Mac Tip #188/23-Mar-2005
Look in the top right corner of your screen. Provided there’s nothing covering it up you’ll see a hard drive icon, probably called Macintosh HD. The hard drive in your computer is the filing cabinet. It’s where all your files and folders and applications are stored.
It uses magnetism to change the polarity of particles
A hard drive (or hard disc) is a circular platter made of a hard material coated with magnetic media. It’s sealed inside an enclosure which protects it from hair and dust etc. Generally ‘a’ hard drive is actually several platters. They spin at about 5,000 revolutions per minute.
A special ‘head’ floats just above the surface, less than a hair’s breadth away. It uses magnetism to change the polarity of particles as the disc spins beneath it and thereby stores your data.
20 minutes to load in the programs
This is all quite miraculous and a far cry from my first computer in 1982 where I had to store the programs I wrote and the one game I’d bought on a cassette tape. It would take some 10 or 20 minutes to load in the programs from the tape, after a prolonged period of fast forwarding and rewinding to find the correct spot.
It started to sound like a jet airplane
On 16 March I was happily working away in my usual fashion when my Powerbook started misbehaving. It became very slow and was just generally being a bit odd so I ran some routine maintenance tasks and restarted.
A few minutes later it started to sound like a jet airplane and I can’t say exactly what happened next, except that within moments my computer wouldn’t work at all. I couldn’t start it up in the usual way and when I started it from the Install CD I couldn’t access the hard drive.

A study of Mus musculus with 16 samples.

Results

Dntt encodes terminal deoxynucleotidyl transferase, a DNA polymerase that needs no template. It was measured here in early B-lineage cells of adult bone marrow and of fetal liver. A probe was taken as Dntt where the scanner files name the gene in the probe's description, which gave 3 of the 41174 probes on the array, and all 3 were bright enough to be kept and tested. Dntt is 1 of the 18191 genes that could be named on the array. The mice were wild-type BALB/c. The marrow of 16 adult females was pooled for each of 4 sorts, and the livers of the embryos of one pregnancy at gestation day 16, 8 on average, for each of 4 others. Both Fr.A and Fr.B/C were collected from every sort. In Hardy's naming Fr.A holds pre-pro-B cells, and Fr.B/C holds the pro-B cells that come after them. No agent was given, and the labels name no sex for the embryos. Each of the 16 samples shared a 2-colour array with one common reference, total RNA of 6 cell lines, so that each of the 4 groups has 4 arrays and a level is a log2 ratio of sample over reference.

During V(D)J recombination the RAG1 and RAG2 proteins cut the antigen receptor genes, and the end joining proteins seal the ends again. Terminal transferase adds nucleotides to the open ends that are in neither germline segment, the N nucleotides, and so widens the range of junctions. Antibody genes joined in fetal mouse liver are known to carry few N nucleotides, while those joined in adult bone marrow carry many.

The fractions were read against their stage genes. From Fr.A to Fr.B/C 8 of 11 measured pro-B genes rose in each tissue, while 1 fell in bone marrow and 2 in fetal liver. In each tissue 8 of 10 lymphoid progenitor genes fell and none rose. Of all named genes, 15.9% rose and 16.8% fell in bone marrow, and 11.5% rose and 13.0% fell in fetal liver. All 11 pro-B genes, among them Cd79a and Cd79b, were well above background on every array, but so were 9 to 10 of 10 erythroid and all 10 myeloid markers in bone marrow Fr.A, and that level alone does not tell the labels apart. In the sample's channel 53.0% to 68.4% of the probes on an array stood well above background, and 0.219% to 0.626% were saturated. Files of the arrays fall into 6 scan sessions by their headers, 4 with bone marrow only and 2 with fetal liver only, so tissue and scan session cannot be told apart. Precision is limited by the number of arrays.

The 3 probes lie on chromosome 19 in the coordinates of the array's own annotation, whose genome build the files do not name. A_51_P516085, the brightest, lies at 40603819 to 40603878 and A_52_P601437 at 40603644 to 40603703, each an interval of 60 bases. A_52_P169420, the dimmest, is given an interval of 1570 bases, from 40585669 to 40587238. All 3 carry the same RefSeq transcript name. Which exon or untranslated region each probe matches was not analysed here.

Sometimes equipment just fails …
I’ll spare you the prolonged troubleshooting; the key point is that barely 10 months since I bought this computer the hard drive had failed and taken all my data with it.
Well, not really, as I had backed up less than 48 hours before and I was able to eventually grab the work from the interim before handing my Powerbook over to the technicians for 4 days.
I now have a fresh clean hard drive, replaced under warranty. No real loss, except for the time spent in troubleshooting, taking the machine in for repair and collecting it, time spent setting up a (much slower) backup machine, transferring data, getting organised all over again and finally setting up this machine again.
No single device was big enough
One problem was that no single device was big enough to hold my entire hard drive so I had bits of information scattered across my iPod, another computer and various CDs.
My newest acquisition is a 200 Gigabyte external hard drive which will be dedicated to backups. I found a good price on a Pleiades 3.5″ USB2.0+Firewire 200GB 8M Cache external harddrive for NZ$350.
Take Control of Mac OS X Backups
For a good and instructional book on Macintosh Backups I urge you to buy (US$10):
- Take Control of Mac OS X Backups, by Joe Kissell
- PDF format, 103 pages, 780K download
- Initial publication date: December 2, 2004
- Version 1.1 revision date: February 4, 2005
- Price: US$10 (Free 34-page sample available)
And for us Kiwis — with the exchange rate so high that US$10 is less than NZ$14. That’s a book anyone can afford.
Lose only a few hours work
With a good recent backup you can lose only a few hours work instead of days or weeks work. And if you use your computer ‘only’ for pleasure and not for business, ask yourself how you’d get on if you suddenly lost all your e-mail addresses, your photos, your web page bookmarks and so on.
Stop reading now and go back up your data.